Newham LBC’s new elected mayor has faced heckles at the Local Government Association conference over her calls for more government funding for social care without explaining where the money would come from.
Social care prominently featured in a ‘question time’ style session at the conference in Birmingham yesterday.
Rokhsana Fiaz (Lab), only eight weeks into the role, criticised the government’s continued austerity plans, and called for more central government money, but did not respond to repeated probing on where this would be found.
“There needs to be a serious, substantive conversation with government because it’s just not sustainable – the position that the current government is pursuing,” she said.
“It doesn’t help when the fundamental basis on which these decisions are being made is the pursuit of an ideologically driven austerity agenda, or simply ensuring that the bottom line in terms of figures all add up, where there is no consequent consideration around the social impact of these measures.”
Ms Fiaz added there was a need for government to “get real … actually acknowledging, understanding and accepting the impact of what they’re doing” and that it was “really as simple as that”.
“It’s a combination of government recalculating its approach so there is more money frankly to local government, in addition to ongoing efficiency gains being driven by local authorities,” she said.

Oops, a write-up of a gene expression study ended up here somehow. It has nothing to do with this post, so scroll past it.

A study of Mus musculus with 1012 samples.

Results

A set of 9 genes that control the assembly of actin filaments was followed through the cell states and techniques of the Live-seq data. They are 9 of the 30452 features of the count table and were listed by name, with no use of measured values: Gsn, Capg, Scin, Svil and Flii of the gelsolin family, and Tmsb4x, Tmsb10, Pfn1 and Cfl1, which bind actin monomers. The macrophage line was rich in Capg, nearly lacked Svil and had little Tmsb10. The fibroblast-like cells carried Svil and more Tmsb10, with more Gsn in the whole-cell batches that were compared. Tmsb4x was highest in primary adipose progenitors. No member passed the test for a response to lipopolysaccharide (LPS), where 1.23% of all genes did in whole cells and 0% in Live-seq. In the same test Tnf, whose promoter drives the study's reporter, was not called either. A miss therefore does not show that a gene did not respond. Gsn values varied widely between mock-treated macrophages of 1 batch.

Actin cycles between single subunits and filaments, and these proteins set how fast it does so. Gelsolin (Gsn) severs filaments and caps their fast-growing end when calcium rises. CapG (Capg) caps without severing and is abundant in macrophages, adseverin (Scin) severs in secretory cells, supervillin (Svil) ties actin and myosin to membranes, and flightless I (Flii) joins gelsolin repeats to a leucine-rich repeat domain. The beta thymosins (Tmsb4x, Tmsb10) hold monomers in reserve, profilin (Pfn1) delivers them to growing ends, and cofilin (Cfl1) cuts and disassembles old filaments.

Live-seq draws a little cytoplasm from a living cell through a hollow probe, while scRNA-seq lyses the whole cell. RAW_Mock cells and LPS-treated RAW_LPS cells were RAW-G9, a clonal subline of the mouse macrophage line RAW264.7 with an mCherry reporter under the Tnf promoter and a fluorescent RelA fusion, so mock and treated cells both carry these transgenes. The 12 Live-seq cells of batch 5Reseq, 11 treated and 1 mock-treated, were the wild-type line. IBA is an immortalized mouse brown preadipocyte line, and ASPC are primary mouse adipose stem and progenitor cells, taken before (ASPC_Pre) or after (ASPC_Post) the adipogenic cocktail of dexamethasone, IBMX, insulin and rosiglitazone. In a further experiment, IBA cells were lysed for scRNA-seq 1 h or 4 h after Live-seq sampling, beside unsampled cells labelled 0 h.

Her response was greeted with audible dissent from the audience, with one man shouting the phrase “magic money tree”, a Conservative attack slogan against Labour spending during the last general election.
When Ms Fiaz claimed she had responded to the question, a section of the audience jeered.
By contrast, Baroness Cathy Bakewell, a Liberal Democrat councillor on South Somerset DC, openly called for a progressive tax to fund social services.
“We cannot duck the issue here – this has to be a tax-raising issue,” she said.
“It has to be a percentage tax for children and adult social care. Not a flat rate because that penalises those on low incomes and lets those on high incomes off scot free.”
Izzi Seccombe (Con), deputy chairman of LGA and Warwickshire CC leader, said that the one issue she would put before government ministers was a “solution for social care”.
“For me it’s social care, but almost as equal is we’ve got to have a solution for children’s services, because in many ways I think the new growing crisis that’s coming is around special educational needs,” she said.
“There are a number of emerging mushrooms coming up which keep us awake at night as leaders of local government.”